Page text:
Vitamin C prevents intrauterine programming of in vivo cardiovascular dysfunction in the rat.




Fetal hypoxia is common and in vitro evidence supports its role in the programming of adult cardiovascular dysfunction through the generation of oxidative stress. Whether fetal chronic hypoxia programmes alterations in cardiovascular control in vivo, and if these alterations can be prevented by antioxidant treatment, is unknown. This study investigated the effects of prenatal fetal hypoxia, with and without maternal supplementation with vitamin C, on basal and stimulated cardiovascular function in vivo in the adult offspring at 4 months of age in the rat.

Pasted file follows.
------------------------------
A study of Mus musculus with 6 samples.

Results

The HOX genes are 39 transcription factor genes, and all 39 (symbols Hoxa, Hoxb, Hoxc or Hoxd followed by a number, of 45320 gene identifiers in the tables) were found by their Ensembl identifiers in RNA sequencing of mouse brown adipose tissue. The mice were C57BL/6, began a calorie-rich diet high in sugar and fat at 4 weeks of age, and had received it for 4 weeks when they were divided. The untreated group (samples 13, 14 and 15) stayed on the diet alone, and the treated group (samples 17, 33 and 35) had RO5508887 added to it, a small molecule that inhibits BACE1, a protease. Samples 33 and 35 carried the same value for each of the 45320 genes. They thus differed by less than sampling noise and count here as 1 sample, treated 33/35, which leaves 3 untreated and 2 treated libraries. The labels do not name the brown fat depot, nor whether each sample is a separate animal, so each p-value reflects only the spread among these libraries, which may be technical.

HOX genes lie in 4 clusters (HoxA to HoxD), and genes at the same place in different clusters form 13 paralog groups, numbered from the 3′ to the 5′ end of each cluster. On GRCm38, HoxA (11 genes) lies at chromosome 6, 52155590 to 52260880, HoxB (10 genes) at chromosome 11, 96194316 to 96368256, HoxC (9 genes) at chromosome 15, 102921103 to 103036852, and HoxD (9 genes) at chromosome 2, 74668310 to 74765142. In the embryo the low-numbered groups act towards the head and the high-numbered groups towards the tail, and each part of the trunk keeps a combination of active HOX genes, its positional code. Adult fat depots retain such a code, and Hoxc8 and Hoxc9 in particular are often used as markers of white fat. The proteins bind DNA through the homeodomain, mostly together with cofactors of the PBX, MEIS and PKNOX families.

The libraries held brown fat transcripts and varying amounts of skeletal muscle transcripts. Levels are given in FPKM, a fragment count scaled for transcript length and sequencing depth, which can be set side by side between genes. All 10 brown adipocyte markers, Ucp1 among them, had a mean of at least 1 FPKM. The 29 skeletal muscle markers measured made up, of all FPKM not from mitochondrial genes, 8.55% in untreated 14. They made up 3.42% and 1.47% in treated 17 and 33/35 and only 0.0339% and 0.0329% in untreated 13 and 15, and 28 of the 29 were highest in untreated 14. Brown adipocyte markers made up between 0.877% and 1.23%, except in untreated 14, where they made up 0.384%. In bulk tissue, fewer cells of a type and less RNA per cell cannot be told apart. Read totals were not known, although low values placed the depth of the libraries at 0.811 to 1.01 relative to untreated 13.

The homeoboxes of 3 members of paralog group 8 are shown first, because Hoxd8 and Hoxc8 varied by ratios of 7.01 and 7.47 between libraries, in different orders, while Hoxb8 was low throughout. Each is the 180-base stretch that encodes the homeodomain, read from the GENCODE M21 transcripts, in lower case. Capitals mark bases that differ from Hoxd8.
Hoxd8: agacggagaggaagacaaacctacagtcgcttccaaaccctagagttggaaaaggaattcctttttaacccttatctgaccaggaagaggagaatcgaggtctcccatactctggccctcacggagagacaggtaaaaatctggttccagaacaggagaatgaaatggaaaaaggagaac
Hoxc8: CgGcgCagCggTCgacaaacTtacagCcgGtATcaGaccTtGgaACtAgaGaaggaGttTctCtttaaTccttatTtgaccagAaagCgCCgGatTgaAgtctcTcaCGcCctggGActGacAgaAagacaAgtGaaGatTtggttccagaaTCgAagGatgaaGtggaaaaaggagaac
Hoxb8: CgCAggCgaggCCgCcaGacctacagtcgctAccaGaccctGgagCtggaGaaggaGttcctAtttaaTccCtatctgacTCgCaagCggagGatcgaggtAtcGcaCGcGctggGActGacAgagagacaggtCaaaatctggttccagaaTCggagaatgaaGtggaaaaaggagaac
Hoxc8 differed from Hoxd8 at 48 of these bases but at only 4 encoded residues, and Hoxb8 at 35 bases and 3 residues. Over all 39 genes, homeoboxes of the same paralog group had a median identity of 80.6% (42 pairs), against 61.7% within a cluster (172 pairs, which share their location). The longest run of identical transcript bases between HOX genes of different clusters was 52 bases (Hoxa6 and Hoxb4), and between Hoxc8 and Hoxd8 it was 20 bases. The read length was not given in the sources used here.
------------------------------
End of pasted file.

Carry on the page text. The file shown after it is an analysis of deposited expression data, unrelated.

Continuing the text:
From days 6 to 20 of pregnancy, Wistar rats were subjected to Normoxia, Hypoxia (13% O2), Hypoxia+Vitamin C (5mg/ml in drinking water) or Normoxia+Vitamin C. At 4 months, male offspring were instrumented under urethane anaesthesia. Basal mean arterial blood pressure, heart rate and heart rate variability (HRV) were assessed, and stimulated baroreflex curves were generated with phenylephrine and sodium nitroprusside. Chronic fetal hypoxia increased the LF/HF HRV ratio and baroreflex gain, effects prevented by vitamin C administration during pregnancy.


Chronic intrauterine hypoxia programmes cardiovascular dysfunction in vivo in adult rat offspring; effects ameliorated by maternal treatment with vitamin C. The data support a role for fetal chronic hypoxia programming cardiovascular dysfunction in the adult rat offspring in vivo through the generation of oxidative stress in utero.